Question about Motorcycles
Check the kill switch
Posted on Apr 16, 2015
What make and model of bike are we talking about here ?
Posted on Apr 14, 2015
Testimonial: "1986 Yamaha Maxim XJ750Jcc"
Posted on Mar 17, 2009
SOURCE: wont accelarate
you didnt say if the bike sat up for a while, if it has you have stopped up carbs the bike will run with the choke on but shut off when the choke is off says no fuel going thru the low speed jets clean them by taking the float bowls off and blowing them out with high pressure air
Posted on Jan 04, 2009
SOURCE: bike backfire
Yes, it could (and probably is) be an air leak. Check to be sure the carb is tight in the intake manifold, and make sure the hot-start isn't loose and is sealing properly. Also make sure all of the exhaust system joints are tight, an air leak in the exhaust will make a four-stroke pop and backfire like an old work truck with no muffler...
Posted on Nov 10, 2008
if the bike will not turn over you mean it doesnt crank? because if it doesnt crank over then its a starter issue and could be a simple as a blow fuse, but then why did the fuse blow? ( starter going bad)..... or it could be the starter solenoid itself, and this is where i believe you might find the fuse. response feedback appreciated.
Posted on Apr 06, 2010
Testimonial: "I appreciate the suggestions. This is exactly what I was looking for. Thanks. "
Make sure the key and kill switch are both in the "on" position. Ensure that the proper starting procedures for your bike are followed. Is it in neutral? Clutch pulled in? Gas in the tank? Then try to start your bike. Does it turn over? If not, check to see that the battery is properly connected and the terminals are not corroded. If they're loose or dirty, clean and tighten them. Then, using a voltmeter that measures ac/dc and ohms, check to see that your battery has enough charge to crank the engine. If not, replace or charge your battery and try again. If it still doesn't turn over, there may be a loose connection between your battery and starter; a bad ignition or starter switchl or a bad safety relay. Check a repair manual for proper testing procedures for your bike, as each motorcycle differs.
If your bike turns over but doesn't catch, check to see that it's getting fuel. If the bike has a fuel petcock, make sure it is in the "on" (or, on certain bikes, "prime") position. Then remove the main fuel hose and check to see that fuel is flowing freely. If fuel isn't getting to the carburetor or injection system, your bike won't run. If that's the case, your problem is likely something in the fuel system. If fuel is flowing freely, reattach the lines. If it's not, check to see if the fuel filter is clogged, if a line is pinched or if the petcock is working properly. One way to determine if the problem is in your fuel system is to put a few drops of fresh gas into each spark-plug hole, replace the plugs and turn the bike over. If it starts and then quits, the problem is likely in the fuel system.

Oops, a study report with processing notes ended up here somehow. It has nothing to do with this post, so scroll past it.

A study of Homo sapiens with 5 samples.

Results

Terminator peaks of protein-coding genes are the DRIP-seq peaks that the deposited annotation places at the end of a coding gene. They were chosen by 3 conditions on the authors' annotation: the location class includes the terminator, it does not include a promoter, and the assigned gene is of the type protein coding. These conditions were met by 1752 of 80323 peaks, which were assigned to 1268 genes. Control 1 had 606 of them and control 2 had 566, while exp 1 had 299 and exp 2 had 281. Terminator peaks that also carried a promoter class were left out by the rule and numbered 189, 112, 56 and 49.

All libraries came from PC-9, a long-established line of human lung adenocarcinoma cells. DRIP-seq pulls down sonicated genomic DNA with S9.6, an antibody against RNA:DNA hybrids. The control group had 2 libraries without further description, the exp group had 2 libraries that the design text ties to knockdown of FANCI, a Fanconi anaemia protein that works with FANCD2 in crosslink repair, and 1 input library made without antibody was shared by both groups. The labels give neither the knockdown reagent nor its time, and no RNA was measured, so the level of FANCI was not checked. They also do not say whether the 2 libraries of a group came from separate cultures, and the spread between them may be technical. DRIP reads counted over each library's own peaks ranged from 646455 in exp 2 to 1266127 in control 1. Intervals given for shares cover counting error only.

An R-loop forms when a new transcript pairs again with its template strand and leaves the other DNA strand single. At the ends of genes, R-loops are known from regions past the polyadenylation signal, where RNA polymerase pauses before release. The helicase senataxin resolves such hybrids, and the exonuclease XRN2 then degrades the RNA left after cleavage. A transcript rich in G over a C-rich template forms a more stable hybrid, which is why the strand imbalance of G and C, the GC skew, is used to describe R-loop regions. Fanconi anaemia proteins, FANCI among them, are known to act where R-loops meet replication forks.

If you're getting fuel and the bike turns over but still doesn't catch or start, check the spark plug or plugs. Start by pulling off a spark plug wire, then removing a plug using the spark plug socket supplied in your bike's toolkit. Now inspect the plug. It should not be wet (usually caused by fuel, when the plug is not firing) or coated in carbon/burned oil deposits. Now check to see if the bike is getting spark. Although you can get a special, insulated set of pliers to hold the plug, there's a "quick and dirty" method for this: After reattaching the plug wire, lay the threaded part of the plug against the engine (not over the plug hole, as the spark could ignite any fuel that is blown out when you try to start it). Now, making sure you're not in contact with the engine or plug, hit the starter. You should see a nice blue spark. If you don't, make sure the threaded portion of the plug is touching the engine (but the electrode is not) and try again. If you still don't see a spark, you either have a bad plug or a problem with the electrical system. Check to see that all the ignition wires are properly connected and that you can't see any cracks in the wires. If the wires are cracked, they should be replaced. If you're still not getting spark, it's time to consult a repair manual or call a mechanic.
If you've got fuel and spark, ascertain that your bike is getting enough air. Start by pulling off the air filter. If it's too dirty, you won't get the proper mixture of air and fuel in the carburetor or injection system. If it's clean, check to see that the air box is properly connected-- a loose hose or air leak can feed too much air into the system. If your bike is equipped with a choke, ensure that it's able to move freely and is not stuck in the "on" or "off" position.
If you've followed these steps and still can't get your bike to run, call in an expert. If you think you've narrowed down the source of the problem, describe the steps you've taken to point the mechanic in the right direction.